WORLD Radio - Review - Cobra Kai

MYRNA BROWN, HOST: Today is Friday, September 25th. Thank you for turning to WORLD Radio to help start your day. Good morning. I’m Myrna Brown.

MEGAN BASHAM, HOST: And I’m Megan Basham. Coming next on The World and Everything in It: A lot of people are getting a kick out of a classic 80s movie reboot.

A few years ago, YouTube made a late, half-hearted attempt to enter the streaming game. Most of its scripted series were flops. But when it rebooted Karate Kid with the original two stars (whom America had barely heard from in decades), its gamble paid off with a sleeper hit. A Netflix sale followed. And since Cobra Kai debuted on that platform last month, it has become the most popular show in the country.

CLIP: What do you think you’re doing. Promoting my business. Why don’t you try minding yours. Minding mine? You know what. This is ridiculous. We can both be adults. I just don’t know why you’d ever want to bring back Cobra Kai after what your sensei did you. Because I’m not Creese. And the lessons worked. Strike first. No Mercy. Real good lessons. 

It would be hard to find another 80s update that’s even half so clever. We catch up with Johnny Lawrence, the high school bully who inspired a thousand tousled-blond copycats, in middle age. He might’ve been the big man on campus at 17, but at 50, he spends his days in an alcoholic haze, zoning out on Reagan-era macho movies, trying to block out the fact that his nemesis, Daniel LaRusso, now owns a successful car dealership.

About as elegant and introspective as the heavy metal he blares from his cherry Pontiac Firebird, Johnny couldn’t be a further cry from Mr. Miyagi. Yet when a nerdy immigrant teen moves into the rundown apartment next door, he starts to think he may still have something to offer. He decides to resurrect Cobra Kai dojo.

CLIP: You could stop your training right now, walk outside and let the whole world know you’re a loser. Or you could plant your feet. Look your enemy in the eyes, and punch him in the face. 

Living well may be the best revenge, but the Karate Kid isn’t content to let his opulent house, beautiful wife, and thriving business speak for themselves. When he gets wind of Johnny’s plans, he, too, decides to return to the ring. Then it’s on like Godzilla vs King Kong.  

Daniel-San isn’t the bad guy by a long shot. But he’s a lot less lovable than has-been Johnny, who makes us laugh out loud with his throw-back attitude. 

CLIP: Don’t you think you’re doing a lot of genderizing? What? Sorry, don’t you think you’re doing a lot of genderizing, Sensei? No? Oh, my guidance counselor says certain words perpetuate the sexist worldview that can trigger. Quiet! From now on you won’t listen to your guidance counselor. You’re gonna listen to me. Is that understood? Yes, Sensei. Good. Now stop yapping like a little girl and give me 50 pushups on your knuckles.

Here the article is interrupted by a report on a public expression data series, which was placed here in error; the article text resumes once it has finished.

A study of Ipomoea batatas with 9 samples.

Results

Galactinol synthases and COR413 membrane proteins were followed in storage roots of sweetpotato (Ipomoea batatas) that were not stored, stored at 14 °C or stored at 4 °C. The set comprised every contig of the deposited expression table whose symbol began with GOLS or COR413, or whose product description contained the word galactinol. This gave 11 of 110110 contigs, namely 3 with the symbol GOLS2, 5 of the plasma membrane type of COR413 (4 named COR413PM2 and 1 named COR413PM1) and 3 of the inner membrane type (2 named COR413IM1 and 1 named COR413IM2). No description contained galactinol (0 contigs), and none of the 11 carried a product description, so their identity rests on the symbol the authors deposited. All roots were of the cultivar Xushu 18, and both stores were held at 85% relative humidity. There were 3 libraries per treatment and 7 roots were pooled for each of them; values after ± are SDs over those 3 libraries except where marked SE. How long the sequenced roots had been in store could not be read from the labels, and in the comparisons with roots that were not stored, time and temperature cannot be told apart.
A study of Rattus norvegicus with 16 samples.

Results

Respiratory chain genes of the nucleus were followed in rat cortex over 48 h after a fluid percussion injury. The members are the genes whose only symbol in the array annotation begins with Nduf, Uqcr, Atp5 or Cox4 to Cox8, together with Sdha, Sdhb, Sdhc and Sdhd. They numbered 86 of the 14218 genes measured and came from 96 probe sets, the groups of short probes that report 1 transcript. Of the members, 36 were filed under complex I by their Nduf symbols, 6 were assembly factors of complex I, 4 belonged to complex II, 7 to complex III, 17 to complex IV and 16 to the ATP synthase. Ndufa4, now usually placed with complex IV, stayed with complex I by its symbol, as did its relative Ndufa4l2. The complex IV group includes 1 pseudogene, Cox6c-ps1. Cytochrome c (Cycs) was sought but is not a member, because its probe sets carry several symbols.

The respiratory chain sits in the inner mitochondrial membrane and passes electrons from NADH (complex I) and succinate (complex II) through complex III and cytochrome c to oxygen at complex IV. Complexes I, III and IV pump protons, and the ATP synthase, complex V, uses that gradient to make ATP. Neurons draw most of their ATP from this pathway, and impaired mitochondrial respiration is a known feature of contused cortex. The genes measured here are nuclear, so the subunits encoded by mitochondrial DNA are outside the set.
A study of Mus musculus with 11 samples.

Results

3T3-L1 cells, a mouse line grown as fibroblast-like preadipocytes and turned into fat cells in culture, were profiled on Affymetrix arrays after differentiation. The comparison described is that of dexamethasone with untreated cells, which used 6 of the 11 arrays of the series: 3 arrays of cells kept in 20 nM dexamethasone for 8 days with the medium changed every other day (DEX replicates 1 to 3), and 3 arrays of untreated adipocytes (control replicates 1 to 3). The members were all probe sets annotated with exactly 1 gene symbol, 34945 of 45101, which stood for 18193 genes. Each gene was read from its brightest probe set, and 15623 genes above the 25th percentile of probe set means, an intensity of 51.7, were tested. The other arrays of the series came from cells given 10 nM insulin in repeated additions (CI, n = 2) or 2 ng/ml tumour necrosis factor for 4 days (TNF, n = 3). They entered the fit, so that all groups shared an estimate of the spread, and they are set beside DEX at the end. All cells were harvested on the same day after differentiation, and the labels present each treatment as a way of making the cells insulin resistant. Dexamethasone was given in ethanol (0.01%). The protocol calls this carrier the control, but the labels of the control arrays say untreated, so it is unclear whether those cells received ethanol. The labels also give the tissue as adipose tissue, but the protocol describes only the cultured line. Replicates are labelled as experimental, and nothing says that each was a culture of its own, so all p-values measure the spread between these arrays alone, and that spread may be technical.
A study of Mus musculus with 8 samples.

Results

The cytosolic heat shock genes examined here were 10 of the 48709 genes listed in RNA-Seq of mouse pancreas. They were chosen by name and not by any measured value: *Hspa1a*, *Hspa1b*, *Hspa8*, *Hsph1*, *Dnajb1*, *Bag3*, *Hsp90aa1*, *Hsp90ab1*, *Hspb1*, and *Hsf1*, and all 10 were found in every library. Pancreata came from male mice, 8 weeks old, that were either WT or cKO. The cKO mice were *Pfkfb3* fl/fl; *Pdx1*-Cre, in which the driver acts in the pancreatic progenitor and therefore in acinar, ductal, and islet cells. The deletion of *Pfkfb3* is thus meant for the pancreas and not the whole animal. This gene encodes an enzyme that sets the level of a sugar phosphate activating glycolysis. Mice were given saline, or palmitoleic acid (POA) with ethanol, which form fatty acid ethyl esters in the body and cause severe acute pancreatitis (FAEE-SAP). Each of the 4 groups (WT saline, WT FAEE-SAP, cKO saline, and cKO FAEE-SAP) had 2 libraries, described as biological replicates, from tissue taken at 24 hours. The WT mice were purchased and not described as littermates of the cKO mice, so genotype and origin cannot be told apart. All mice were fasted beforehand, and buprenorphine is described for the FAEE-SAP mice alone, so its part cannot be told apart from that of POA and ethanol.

Unlike Daniel, who’s the very model of a modern majordomo, Johnny didn’t get the memo that it’s no longer cool to call women “babes” or hang massive American flags on his wall. He’s today’s underdog—a working-class junkyard mutt who gets kicked around by his supposed intellectual and ethical betters. But he still has enough spirit to haul himself out of a tangle of greasy sheets every morning and snarl in the face of safe spaces. 

CLIP: We do not train to be merciful here. Mercy is for the weak. Here. On the street. In competition, a man confronts you, he is the enemy. And the enemy deserves no mercy. What is the problem Mr. Diaz? No problem, Sensei. You punched me and I have asthma, so. Not anymore. We do not allow weakness in this dojo. So you can leave your asthma and your peanut allergies outside, is that understood? Yes but those are real medical problems. Yes, Sensei. Understood. 

Later, when someone phones asking if the dojo accepts gender nonconforming students, a confused Johnny wonders if it’s some kind of prank call.

Is it only nostalgia and weariness with a world that suddenly feels overrun with hall-monitors that’s won Cobra Kai legions of fans? No doubt that’s a significant factor. But the show isn’t politically incorrect just for political incorrectness’s sake. Cobra Kai weighs what it means to be a man in a culture that no longer seems to have much use for them. It looks at how fathers, both biological and adopted, shape their children, and how growing up without dads is leading to extremes of aggression and helplessness.

CLIP: Creese gave me more attention than I ever got at home. The guy was more than a sensei to me. He was basically a father. Forget it. You wouldn’t understand. My dad died when I was 8. Mr. Miyagi was basically a father to me. It’s crazy man, both finding karate role models.

At one point, an athlete at a martial arts competition feels he has to give a virtue-signaling speech condemning toxic masculinity before he can compete.

A viewer can’t miss the irony that the woke adults in these young men’s lives demand a conformity and submission far more pitiless than anything a high school clique could come up with. 

The most frustrating thing about Cobra Kai is that for a series so well-tailored to watch with tweens and teens, it includes a hefty amount of language and crude humor. Thankfully, Vidangel, has the show on its service too. So families have the option to enjoy the fun and thoughtful themes while filtering out what’s truly toxic.

(Photo/Guy D’Alema, Sony Pictures Television) William Zabka and Ralph Macchio in Season 2 of Cobra Kai.

WORLD Radio transcripts are created on a rush deadline. This text may not be in its final form and may be updated or revised in the future. Accuracy and availability may vary. The authoritative record of WORLD Radio programming is the audio record.